For Immediate Release April 29, 1993




Cesar Chavez came from the humble yet proud beginnings of a migrant worker to lead those same workers in a movement that irreversibly shaped our Nation and brought justice and dignity to thousands. After the Depression forced young Cesar and his family from their ranch, he began working in the fields at an early age. His family traveled throughout California following the seasonal work, and he attended nearly 70 schools before dropping out to help support his family. Although his formal education ended after the seventh grade, Cesar learned much from the courageous example of his parents. Often among the first to resist exploitation and to stand up to injustice, they instilled in Cesar a profound respect for the intrinsic value of each human person, and a fervent desire to protect that value. Inspired by the teachings of a Catholic priest and by the writings of Ghandi and other great civil leaders, Cesar rose to become one of the great labor leaders of our time.

The United Farm Workers, the union he founded and led for almost three decades, became a symbol of empowerment and pride for many workers. Cesar's innate understanding of the problems facing migrant workers allowed him to organize thousands of farm workers across the Nation. With natural leadership and unflagging determination, he achieved real progress where others had failed.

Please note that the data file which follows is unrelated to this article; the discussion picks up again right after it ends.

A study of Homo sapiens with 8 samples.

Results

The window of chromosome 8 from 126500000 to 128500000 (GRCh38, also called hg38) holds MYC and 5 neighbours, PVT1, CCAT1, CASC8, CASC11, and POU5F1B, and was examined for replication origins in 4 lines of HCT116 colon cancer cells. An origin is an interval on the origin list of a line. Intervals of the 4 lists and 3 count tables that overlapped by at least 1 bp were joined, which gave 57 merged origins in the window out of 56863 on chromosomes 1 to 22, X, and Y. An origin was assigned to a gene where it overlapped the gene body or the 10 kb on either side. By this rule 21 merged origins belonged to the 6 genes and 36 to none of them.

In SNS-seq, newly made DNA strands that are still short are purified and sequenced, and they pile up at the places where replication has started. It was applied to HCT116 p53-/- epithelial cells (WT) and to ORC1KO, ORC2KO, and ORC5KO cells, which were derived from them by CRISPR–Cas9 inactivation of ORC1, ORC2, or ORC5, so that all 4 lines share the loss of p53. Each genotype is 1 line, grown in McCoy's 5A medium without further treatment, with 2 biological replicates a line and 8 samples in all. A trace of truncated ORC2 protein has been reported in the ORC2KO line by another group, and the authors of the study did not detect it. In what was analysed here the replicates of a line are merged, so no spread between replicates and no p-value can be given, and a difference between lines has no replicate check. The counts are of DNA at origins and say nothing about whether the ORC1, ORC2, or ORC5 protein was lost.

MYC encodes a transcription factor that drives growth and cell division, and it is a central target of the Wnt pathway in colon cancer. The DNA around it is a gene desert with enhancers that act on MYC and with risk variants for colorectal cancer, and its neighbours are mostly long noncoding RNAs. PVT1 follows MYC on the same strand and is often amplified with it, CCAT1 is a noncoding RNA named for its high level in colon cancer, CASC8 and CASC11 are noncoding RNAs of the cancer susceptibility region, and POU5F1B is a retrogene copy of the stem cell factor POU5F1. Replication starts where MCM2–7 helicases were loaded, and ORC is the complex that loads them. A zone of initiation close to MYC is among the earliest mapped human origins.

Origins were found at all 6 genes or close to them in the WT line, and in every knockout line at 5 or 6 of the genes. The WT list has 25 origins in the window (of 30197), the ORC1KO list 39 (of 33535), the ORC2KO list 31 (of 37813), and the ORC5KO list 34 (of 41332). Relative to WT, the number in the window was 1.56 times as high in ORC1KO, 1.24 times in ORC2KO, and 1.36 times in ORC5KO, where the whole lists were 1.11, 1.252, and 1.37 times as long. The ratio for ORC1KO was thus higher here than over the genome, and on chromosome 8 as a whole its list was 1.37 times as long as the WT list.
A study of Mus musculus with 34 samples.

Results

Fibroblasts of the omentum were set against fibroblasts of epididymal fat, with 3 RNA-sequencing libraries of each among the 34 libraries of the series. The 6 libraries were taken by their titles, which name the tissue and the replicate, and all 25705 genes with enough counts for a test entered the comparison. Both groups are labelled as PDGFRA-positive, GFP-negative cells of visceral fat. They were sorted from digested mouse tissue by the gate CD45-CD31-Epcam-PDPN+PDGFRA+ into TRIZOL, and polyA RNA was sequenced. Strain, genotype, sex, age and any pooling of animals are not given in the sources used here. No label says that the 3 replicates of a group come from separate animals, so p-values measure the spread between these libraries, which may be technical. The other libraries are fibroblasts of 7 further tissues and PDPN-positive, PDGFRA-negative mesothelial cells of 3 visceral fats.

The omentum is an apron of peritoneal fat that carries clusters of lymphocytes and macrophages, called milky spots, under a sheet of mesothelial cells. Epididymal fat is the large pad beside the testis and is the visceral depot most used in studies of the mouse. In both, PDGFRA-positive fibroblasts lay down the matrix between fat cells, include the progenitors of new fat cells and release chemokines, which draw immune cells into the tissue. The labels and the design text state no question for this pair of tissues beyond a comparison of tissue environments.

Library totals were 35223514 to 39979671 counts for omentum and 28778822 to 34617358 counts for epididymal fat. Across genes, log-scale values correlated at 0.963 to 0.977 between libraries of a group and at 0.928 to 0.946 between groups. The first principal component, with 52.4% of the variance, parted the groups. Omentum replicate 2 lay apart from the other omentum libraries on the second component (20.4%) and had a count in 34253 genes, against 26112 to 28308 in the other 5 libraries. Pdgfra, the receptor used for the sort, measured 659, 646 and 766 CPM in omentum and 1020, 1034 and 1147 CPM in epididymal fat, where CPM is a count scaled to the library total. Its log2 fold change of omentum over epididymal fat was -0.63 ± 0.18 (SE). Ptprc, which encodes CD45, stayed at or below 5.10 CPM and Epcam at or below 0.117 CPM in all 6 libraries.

His insistence on nonviolent tactics stood in stark contrast to the bitterness and brutality that were used in resistance. The strength of his vision and the power of his leadership enabled him to take his struggle directly to the American people. He focused our Nation's attention on the economic and social plight of migrant farm workers and, in the process, taught us how injustice anywhere affects us everywhere.

NOW, THEREFORE, I, WILLIAM J. CLINTON, President of the United States of America, by the authority vested in me by the Constitution and laws of the United States, in tribute to the memory of Cesar Chavez, do hereby call upon the citizens of this great Nation to reflect on and honor the life of this distinguished leader, veteran, and American.

IN WITNESS WHEREOF, I have hereunto set my hand this twenty-eighth day of April, in the year of our Lord nineteen hundred and ninety-three, and of the Independence of the United States of America the two hundred and seventeenth.